According to a report by investment firm  last year titled Urban Land Rises as Kenya’s Gold Standard, land prices had increased by 535 per cent in Nairobi since 2007. In April this year, the firm released another report saying that land prices were most expensive in Upper Hill, where an acre was going  for an average of Sh511 million. Ruaka was the most expensive satellite town, with an acre averaging Sh59.6 million. Some industry players and insiders believe  that grand corruption, both in the counties and the national government, could  be contributing significant to this trend.

“When politicians obtain huge sums of money in unscrupulous ways, they have a tendency of channelling it into real estate, albeit indirectly through  proxies. The proxies might be close friends and family members. And they  are usually directed to invest the money in land and houses. Property is preferred to other investments because of it can be managed passively,” says Ms Leah Kanda, a registered quantity surveyor.

She adds that the effect of this on the property market is highly destabilising.

“Right now, Nairobi has an over-abundance of shopping malls because corrupt politicians have been setting up malls left, right and centre in a bid to launder money,” she asserts. She is  angry that grand corruption creates an uneven playing field in real estate that is heavily skewed in favour of a few.

“The normal developer who wants to build residential apartments, for instance, has to apply for bank loans  in order to secure the capital. However, a corrupt individual is hardly affected by the banks’ interest rates. When both developers ultimately put their apartments on the market, the corrupt developer can afford to charge lower rents than his debt-ridden counterpart, hence attracting more tenants faster,” Ms Leah Kanda laments.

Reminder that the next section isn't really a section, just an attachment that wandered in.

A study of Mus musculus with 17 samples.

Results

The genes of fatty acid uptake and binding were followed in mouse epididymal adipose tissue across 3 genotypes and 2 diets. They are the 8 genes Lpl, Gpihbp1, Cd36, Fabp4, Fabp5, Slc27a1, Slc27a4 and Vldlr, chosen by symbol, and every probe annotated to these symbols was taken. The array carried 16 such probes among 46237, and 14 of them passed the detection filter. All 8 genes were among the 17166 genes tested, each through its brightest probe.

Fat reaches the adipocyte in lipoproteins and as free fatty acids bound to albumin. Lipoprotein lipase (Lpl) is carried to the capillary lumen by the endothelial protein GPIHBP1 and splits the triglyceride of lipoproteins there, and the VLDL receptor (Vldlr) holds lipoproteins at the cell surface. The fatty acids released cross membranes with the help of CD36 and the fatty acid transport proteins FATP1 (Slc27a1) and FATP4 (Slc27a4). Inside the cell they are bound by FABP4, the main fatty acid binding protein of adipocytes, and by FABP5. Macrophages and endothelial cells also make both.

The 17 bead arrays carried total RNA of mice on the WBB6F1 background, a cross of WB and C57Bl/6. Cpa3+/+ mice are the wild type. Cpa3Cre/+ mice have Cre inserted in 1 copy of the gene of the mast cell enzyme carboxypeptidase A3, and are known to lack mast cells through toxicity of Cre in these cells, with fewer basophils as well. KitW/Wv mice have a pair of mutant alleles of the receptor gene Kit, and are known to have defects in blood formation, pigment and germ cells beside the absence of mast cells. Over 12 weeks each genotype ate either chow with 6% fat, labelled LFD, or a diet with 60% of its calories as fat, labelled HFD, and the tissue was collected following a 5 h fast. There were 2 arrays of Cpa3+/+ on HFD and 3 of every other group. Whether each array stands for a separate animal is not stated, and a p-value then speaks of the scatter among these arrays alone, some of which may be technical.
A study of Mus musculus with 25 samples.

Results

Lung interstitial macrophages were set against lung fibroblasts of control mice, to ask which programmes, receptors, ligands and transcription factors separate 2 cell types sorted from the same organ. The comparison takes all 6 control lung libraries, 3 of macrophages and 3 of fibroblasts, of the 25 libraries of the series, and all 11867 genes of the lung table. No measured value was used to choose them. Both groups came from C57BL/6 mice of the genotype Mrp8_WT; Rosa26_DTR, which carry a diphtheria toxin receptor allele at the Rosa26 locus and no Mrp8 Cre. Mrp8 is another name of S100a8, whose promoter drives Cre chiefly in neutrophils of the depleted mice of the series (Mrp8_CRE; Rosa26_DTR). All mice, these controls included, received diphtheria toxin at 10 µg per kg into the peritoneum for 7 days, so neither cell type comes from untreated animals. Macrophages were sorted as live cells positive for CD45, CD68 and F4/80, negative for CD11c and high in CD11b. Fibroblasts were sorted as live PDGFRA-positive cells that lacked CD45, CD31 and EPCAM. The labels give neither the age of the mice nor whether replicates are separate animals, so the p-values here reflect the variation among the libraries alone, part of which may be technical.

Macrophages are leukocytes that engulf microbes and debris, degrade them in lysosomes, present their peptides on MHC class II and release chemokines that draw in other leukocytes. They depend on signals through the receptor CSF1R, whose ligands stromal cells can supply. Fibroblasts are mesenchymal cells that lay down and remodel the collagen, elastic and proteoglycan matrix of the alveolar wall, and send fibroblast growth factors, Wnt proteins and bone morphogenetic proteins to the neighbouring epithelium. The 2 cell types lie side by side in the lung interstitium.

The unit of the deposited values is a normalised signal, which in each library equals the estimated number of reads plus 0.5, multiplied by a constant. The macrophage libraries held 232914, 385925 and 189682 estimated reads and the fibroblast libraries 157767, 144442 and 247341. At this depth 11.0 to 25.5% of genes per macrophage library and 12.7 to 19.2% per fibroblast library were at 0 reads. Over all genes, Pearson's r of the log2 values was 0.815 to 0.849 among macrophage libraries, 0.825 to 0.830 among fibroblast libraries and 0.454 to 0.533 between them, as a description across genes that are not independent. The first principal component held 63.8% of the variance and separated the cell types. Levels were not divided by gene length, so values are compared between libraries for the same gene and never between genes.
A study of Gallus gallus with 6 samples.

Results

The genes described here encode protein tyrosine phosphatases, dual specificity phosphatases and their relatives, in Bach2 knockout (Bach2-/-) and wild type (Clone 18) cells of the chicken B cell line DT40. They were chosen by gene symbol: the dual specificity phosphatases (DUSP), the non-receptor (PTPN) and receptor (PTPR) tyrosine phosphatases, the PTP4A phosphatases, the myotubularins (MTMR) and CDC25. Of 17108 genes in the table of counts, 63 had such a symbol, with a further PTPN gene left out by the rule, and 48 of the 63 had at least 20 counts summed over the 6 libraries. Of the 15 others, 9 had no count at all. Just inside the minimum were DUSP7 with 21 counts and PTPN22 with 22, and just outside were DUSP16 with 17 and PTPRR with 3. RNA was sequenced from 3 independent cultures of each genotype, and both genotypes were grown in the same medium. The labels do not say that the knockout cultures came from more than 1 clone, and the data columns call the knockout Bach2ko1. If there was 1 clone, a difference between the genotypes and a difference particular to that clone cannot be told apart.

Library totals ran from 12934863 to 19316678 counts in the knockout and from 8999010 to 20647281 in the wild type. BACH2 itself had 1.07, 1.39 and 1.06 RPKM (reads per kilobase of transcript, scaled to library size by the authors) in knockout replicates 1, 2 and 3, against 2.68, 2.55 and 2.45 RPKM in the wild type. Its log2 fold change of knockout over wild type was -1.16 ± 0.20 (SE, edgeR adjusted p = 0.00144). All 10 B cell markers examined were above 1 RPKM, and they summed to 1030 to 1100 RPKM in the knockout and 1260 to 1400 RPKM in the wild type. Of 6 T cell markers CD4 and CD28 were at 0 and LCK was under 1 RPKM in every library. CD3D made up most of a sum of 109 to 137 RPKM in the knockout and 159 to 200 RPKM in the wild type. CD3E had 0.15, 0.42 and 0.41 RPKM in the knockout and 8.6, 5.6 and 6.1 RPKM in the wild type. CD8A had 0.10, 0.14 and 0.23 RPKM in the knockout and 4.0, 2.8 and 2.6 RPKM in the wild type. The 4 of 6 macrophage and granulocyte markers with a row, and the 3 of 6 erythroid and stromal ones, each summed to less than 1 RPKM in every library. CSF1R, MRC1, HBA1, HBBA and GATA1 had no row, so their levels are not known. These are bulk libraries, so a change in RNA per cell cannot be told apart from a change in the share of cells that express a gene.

In October this year, Murang’a County residents held demonstrations across the county after it was reported that the county government had bought an arid piece of land in Makuyu for Sh10 million an acre, when government valuation of land in the area was Sh100,000 per acre.


Mr Mugo Mutembei, a building contractor with several interests in Murang’a County, told DN2 that the residents of Makuyu are now refusing to sell land to that who cannot afford to fork out millions for an acre that was previously going for Sh100,000.

And a CEO of Nairobi-based property investment firm, says  that a similar effect is being felt in the city’s housing sector. “A developer can advertise a house for Sh15 million when its real market value is Sh10 million shillings. An individual who got money by corrupt means will easily pay the  exaggerated price. After three or four of such purchases in a neighbourhood, the market value for  similar properties in the vicinity rise to Sh15 million,” he says, adding that he has witnessed the phenomenon in a number of estates in Ruaka.

He believes that as a result of  such scenarios, middle-income earners  are  finding it increasingly frustrating to own decent houses. “Even an increase by Sh1million can end up marginalising very many Kenyans. Unless the government deals decisively with corruption and money laundering, property prices will continue to be out of reach for many ordinary citizens,” he says.

“If an individual shows up with a briefcase full of cash and wants me to sell him a piece of land or a house, I turn down that deal,” he says.

This calls to mind the 2009/2010 property boom when property prices in Nairobi soared beyond reasonable rates.

The Government spokesman, Mr Alfred Mutua said the Somali pirates, who were receiving millions of dollars in ransom money from hijacking ships, were buying property in Nairobi at inflated prices, causing the hike in property prices.

But the chairman of the Kenya Property Developers Association, Mr Daniel Ojijo, strongly disagreed, sying the  government was using  the pirates as  scapegoats.  And contrary to Ms Kanda’s and Mr Ng’ang’a’s views, Mr Ojijo does not  agree that proceeds from corruption are responsible for the soaring property prices.

“The money gained from corruption that goes into real estate is too little to cause any noticeable disruption on the property scene,” insists Mr Ojijo, “It would be erroneous to blame the rising property prices on corruption  as the market is mostly ruled by the forces of demand and supply.”